Scutellaria montana.jpg
Conservation status

Vulnerable (NatureServe)
Scientific classification

Scutellaria montana, with the common names largeflower skullcap, large-flowered skullcap and mountain skullcap, is an perennial forb first described by Alvan Chapman in 1878. This narrowly endemic species is found in the southeastern United States in parts of the Ridge and Valley and Cumberland Plateau Physiographic Provinces. Populations have been documented from four Tennessee counties and nine Georgia counties and is protected under the US Endangered Species act as it is a threatened species. The Latin specific epithet montana refers to mountains or coming from mountains.


This plant has a single, erect square stem and may grow 30 to 60 cm in height. The leaves are simple, opposite in arrangement, lanceolate to ovate with crenate to serrate margins, and the blades are 5 to 8 cm long and 3 to 5 cm wide. Characteristic to this species, the leaves have a soft pubescence with glandular and non-glandular hairs on both surfaces. As the common name suggests, the inflorescence are large at 2.6 to 3.5 cm long; flowers are terminal and blue and white in color. Another characteristic specific to this species and used to distinguish it from other Scutellaria species is that the inflorescence lack an annulus within the corolla tube near the top of the calyx; this is the only species of Scutellaria Section Annulatae that is exannulate. Flowers bloom from mid-May to June, and fruits mature in June and early July.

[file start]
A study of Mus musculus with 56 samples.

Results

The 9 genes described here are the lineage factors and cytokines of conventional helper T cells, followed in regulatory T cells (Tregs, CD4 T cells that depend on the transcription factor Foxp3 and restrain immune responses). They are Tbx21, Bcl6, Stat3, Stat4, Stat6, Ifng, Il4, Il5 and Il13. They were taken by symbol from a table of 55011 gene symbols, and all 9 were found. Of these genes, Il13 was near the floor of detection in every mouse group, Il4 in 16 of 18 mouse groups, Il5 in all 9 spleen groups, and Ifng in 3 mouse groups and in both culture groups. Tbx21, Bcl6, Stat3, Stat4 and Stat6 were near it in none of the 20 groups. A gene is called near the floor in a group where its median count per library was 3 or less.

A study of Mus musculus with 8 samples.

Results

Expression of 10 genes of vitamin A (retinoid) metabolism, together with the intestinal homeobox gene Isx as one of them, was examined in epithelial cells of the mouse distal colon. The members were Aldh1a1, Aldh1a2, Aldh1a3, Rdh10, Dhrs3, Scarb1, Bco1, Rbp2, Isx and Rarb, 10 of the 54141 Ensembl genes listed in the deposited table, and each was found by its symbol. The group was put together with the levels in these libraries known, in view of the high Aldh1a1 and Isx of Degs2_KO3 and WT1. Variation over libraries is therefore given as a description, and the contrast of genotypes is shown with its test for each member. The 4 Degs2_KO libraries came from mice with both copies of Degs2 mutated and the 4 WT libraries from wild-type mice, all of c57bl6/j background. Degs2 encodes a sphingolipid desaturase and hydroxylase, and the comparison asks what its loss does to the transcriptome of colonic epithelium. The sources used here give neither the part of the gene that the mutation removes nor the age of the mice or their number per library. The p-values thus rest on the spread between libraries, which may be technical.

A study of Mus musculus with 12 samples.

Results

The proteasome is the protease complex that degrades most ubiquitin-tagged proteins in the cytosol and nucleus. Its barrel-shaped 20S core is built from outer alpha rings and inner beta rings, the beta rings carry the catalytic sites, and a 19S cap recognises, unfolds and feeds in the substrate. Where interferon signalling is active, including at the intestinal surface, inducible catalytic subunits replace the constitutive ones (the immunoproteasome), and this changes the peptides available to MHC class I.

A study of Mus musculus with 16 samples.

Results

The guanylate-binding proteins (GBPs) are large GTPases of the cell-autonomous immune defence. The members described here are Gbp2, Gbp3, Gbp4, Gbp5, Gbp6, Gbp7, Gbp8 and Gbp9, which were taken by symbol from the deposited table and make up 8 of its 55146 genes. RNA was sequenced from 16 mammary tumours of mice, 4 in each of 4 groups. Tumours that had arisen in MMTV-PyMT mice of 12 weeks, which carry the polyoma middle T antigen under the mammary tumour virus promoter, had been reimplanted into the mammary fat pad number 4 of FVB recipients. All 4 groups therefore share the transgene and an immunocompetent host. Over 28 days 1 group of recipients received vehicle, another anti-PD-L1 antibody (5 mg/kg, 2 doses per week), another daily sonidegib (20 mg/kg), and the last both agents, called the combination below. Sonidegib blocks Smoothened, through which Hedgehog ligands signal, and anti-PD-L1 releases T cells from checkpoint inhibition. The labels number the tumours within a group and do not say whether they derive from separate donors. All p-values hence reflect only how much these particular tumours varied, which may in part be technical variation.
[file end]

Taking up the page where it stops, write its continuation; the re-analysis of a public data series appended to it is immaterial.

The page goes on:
This plant grows in mid- to late-successional forests dominated by oak and pine trees, most often Quercus alba, Q. velutina, and/or Q. montana, and Pinus echinata or P. taeda. The soil is acidic, rocky, and shallow, sometimes as shallow as 3 centimeters. It is dry to somewhat moist in the habitat. Other plants in the habitat include Desmodium spp., Hexastylis spp., Chimaphila maculata, and Cornus florida.

This plant was federally listed as an endangered species in 1986. When more populations were discovered, it was downlisted to threatened status in 2002. It is still threatened by human activity such as logging, suburban development, and quarrying.